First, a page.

Album Review: Buffalo Springfield
Buffalo Springfield performing For What It's Worth, 1967 - Cal Vid / Youtube
Buffalo Springfield is what you may call a reverse supergroup – birthing various iconic rock acts from its original fold of members. The well-known lineup of Stephen Stills, Neil Young, and Richie Furay, gave rise to CSN, CSNY, Poco, and a solo career by Young. But before all of that, Buffalo Springfield was pioneer in folk rock, and later, psychedelia, which was apparent in their self-titled debut album.
Buffalo Springfield showcased the songwriting talents of Stills and Young, who were currently “unknown” at this stage. While the two songwriters were responsible for the bulk of the material written in the album, the management had Furay sing most of the songs, as they thought Young’s voice was too “weird” for the record. This juvenile mishmash of a creative process didn’t spring to nationwide acclaim until the release of “For What It’s Worth”. Featuring Young’s twangy, clean guitar parts and Stills’ calculated vocal delivery, the sarcastic message of the song faded in and out of the intertwining melodies.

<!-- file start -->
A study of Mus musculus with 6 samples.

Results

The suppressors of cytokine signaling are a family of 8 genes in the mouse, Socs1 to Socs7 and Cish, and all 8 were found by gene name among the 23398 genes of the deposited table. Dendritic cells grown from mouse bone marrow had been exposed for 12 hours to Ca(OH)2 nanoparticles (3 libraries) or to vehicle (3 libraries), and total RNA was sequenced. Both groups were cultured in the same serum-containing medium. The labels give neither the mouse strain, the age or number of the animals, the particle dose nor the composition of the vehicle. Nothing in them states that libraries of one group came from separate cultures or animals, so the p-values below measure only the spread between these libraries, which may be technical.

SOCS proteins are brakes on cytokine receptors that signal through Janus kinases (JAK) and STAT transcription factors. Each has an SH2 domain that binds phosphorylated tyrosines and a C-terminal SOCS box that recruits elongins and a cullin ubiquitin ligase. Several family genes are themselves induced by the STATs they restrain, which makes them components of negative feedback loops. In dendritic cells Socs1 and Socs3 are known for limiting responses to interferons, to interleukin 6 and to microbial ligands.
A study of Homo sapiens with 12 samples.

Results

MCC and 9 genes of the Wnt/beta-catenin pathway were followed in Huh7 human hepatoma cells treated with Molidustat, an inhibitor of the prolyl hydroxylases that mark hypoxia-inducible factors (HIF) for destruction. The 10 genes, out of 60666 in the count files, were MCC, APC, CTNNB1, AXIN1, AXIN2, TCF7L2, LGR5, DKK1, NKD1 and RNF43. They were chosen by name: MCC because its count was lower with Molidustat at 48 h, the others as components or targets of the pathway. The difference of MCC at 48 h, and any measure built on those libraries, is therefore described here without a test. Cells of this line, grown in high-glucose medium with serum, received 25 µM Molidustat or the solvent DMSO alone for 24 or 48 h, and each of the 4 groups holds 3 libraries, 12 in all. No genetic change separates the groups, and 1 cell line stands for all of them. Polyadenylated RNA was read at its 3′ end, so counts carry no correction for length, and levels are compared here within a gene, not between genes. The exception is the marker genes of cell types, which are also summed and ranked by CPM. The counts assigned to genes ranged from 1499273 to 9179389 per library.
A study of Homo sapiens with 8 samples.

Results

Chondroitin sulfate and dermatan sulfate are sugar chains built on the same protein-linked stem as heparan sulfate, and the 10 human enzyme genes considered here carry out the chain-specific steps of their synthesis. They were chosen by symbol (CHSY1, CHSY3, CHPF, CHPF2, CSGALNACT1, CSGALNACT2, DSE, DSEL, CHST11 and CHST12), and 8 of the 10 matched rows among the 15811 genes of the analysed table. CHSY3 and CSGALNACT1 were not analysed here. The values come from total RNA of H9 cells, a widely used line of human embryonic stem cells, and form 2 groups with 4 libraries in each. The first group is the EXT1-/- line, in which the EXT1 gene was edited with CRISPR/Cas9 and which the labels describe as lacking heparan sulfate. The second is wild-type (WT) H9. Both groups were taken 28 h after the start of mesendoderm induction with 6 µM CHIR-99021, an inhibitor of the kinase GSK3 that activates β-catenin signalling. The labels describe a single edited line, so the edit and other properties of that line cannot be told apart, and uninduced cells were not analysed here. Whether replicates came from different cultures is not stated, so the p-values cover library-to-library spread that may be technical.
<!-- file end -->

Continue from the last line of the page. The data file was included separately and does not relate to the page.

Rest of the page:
Young’s “Nowadays Clancy Can’t Even Sing” shows the contrast between his time with the group versus his solo career, with a simple arrangement and expected dings here and there. “Burned” steps up however, featuring a more matured progression, but was still derivative of a track by a big vocal group of the time. “Leave” was something else though, with a real grit behind every riff and lick of Young’s lead guitar.
While Buffalo Springfield’s debut album wasn’t something of amazing magnitude, their youthful vigor and straightforward honesty shone through their songs. Unafraid to be called copy cats, they sought inspiration from some big names of the era, which was no surprise provided rock music’s prevalence of the time. Blues, country, folk; Buffalo Springfield wasn’t a deviant in any way, but provided just enough headroom to instill their individual flair on each track. For something that was a starter, paving the way for these iconic musicians to bloom, Buffalo Springfield hits the right spot.